Realtors brace for chaos, pain, rising costs as RERA comes closer to reality


The new legislation to regulate the building industry in the country has been welcomed by everyone. AJIT JOHN spoke to builders in the State to understand their reaction to this piece of legislation that will change the modus operandi of many

The initial reaction to RERA has been very welcoming. And the general consensus is that it will take three months for the bill to be implemented in the State. The Real Estate Regulation and Development Act will radically overhaul the way the industry is run. The essence of the legislation is to provide protection to the individual interested in buying a house. It is undoubtedly the most important bit of legislation for a sector which has generally functioned like the Wild West.

The central law is excellent in principle according to the considered opinions of builders in the State but they also felt it should reflect the realities in the State. When asked if this was a way to water down some of the tough regulations put in place, Desh Prabhudesai, chairman, Credai Goa Chapter said “It is a wonderful piece of legislation. We have to move ahead and formulate everything fast within three months. It should move. We in the State should mirror the Centre in the law. It will make housing more transparent and ensure greater coordination between buyer and seller. This will increase the trust factor. We have to follow the code of conduct as I like to put it. I however believe, with builders having to reorganise their systems to live in this new word, it will have to be very important for the government to be prepared. Approvals will have to come very fast and it cannot linger, like it does now”.

Another builder from Panjim with much to say was Kulashekhar Katipudi of Milroc Constructions. Mr Katipudi said “Once the government brings the rules, notifies and puts it in place, there will be chaos all over the country. Whenever there is something new, people will react. If things are not clear, realtors will go to court. RERA says, the owner of the flat should get a five year warranty but every product in the country comes with a one year warranty. Then there is the matter of so many certifications which are now required, which requires experts who will charge fees. Ultimately the customer will have to pay for it”. According to him it would take two years before it would take off and developers in that period would not launch any projects as they wait, watch and understand the entire gamut of RERA.

Chinmay of Akar Developers felt it was a very good move but would result in much pain in the short term but great in the long term. He felt it would weed out the fly by night operators who constructed one building, flouted rules and then sell the flats and just disappear. He however felt the authorities would have to start giving approvals on time. He said “It is a major concern, it should be on time and we are hoping the authorities don’t misuse RERA and strong arm builders from time to time. One concern has not been addressed. Town and Country planning may take time with their clearances.”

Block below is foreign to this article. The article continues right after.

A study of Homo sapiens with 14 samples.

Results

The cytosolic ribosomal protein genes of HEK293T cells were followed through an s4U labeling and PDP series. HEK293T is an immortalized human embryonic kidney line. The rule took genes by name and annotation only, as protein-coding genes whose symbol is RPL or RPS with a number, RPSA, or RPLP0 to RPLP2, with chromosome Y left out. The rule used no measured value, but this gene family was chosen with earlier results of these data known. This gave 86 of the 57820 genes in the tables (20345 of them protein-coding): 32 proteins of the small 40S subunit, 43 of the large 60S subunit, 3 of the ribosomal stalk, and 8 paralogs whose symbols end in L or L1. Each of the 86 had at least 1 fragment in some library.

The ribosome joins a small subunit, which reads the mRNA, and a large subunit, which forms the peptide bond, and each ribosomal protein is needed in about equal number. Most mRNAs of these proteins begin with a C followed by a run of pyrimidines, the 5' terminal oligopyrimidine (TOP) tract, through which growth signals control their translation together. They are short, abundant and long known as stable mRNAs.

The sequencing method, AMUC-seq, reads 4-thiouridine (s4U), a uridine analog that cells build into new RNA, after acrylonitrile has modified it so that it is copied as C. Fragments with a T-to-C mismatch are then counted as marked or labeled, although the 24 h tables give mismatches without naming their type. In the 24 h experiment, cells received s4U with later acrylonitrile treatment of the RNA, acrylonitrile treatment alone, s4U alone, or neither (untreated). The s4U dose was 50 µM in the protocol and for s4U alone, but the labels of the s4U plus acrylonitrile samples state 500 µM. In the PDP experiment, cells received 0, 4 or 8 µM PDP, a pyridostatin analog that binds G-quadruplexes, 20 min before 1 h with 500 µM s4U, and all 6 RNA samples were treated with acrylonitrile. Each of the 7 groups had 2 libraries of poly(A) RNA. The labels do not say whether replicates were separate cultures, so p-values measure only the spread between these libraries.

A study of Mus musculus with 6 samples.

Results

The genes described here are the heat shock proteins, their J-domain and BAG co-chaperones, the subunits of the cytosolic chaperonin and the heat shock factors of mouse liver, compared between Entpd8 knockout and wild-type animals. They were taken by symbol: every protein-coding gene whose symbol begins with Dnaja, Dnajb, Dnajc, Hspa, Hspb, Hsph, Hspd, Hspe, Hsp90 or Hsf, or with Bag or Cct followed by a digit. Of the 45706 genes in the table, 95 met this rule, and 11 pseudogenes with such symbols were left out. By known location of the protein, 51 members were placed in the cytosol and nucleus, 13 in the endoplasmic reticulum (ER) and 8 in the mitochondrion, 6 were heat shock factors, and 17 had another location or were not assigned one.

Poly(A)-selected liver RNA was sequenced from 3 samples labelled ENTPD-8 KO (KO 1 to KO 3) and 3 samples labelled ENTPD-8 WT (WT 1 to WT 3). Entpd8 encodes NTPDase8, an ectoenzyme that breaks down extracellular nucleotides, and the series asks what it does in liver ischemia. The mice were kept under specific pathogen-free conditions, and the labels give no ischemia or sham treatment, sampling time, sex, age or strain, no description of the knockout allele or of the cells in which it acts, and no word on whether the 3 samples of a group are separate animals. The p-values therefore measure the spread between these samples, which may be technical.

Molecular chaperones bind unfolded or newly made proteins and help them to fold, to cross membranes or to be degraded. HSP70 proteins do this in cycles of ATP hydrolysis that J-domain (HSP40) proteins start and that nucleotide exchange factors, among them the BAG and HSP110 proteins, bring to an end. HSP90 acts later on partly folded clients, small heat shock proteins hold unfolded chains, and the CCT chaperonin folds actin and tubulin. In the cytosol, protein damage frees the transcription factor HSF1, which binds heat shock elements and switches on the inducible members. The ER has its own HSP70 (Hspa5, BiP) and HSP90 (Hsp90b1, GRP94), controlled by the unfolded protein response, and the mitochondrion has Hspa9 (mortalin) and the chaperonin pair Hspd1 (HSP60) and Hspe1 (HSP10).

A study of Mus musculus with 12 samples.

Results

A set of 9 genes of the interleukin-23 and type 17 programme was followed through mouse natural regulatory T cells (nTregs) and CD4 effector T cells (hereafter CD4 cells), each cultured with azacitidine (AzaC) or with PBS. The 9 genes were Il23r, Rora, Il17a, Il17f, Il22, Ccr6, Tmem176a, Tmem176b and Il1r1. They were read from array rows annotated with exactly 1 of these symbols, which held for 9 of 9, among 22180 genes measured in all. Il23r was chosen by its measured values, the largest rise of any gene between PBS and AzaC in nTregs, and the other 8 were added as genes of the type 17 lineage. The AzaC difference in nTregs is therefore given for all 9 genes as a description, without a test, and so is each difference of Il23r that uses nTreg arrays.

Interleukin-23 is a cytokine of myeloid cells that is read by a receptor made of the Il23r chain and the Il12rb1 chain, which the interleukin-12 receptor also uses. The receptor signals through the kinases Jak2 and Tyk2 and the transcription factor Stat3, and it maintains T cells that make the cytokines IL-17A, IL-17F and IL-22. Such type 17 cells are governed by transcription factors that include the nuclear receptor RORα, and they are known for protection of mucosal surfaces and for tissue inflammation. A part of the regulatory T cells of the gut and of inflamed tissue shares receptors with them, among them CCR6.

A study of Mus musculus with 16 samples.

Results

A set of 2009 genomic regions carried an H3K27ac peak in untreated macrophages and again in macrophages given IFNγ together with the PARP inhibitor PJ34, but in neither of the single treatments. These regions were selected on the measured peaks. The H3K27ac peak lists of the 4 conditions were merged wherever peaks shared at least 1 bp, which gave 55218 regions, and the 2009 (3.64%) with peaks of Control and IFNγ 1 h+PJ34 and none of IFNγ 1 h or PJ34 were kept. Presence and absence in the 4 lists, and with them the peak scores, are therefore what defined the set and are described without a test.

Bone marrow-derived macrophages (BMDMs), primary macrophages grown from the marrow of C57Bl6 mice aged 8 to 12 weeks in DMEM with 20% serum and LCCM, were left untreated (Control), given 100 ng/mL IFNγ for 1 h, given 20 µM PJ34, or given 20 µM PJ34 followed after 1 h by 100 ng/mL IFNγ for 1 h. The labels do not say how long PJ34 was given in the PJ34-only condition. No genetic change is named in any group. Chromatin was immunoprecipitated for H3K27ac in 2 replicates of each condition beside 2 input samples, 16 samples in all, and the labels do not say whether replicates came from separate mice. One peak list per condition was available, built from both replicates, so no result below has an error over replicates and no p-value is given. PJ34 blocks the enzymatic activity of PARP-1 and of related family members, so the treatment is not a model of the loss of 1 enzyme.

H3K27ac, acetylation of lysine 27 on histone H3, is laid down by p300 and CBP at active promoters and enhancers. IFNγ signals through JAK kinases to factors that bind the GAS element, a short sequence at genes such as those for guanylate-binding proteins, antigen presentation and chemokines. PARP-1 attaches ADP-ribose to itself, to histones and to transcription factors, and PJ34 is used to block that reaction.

Established builders he felt who had their systems in place would not face any problems. He also believed this would result in an increase in the cost of the property. He said “Certain insurances will have to be taken and which will be added to the project. It will be as much as 10% per sq ft for the builder.”
The new legislation will result in projects being completed on time and when the flats are sold all the papers will be in order. This, Sunil Datwani believed would stop pre selling. He said, the papers would be all now given to the buyer and the horror stories of the past would be that, of the past. Mr Datwani said some states had diluted it but Goa ought to follow the Central government.

He said “It will be good; there however will be a noose around the developer’s neck. It is important to ensure that we are not just consumer friendly at the cost of the builder. There will be a need for technical people because builders will have to upload monthly reports on their projects. We have to avoid chaos.”
Another builder who did not want to come on record felt construction activity would slow down as everyone waited and watched and more importantly prices would not fall as the price of land would continue to remain high in the State. Perhaps one could say buying a flat may not be the start of a process towards a heart attack but of a more mutually satisfying experience. Time will tell.

This article first appeared in the Herald on 8th May 2017.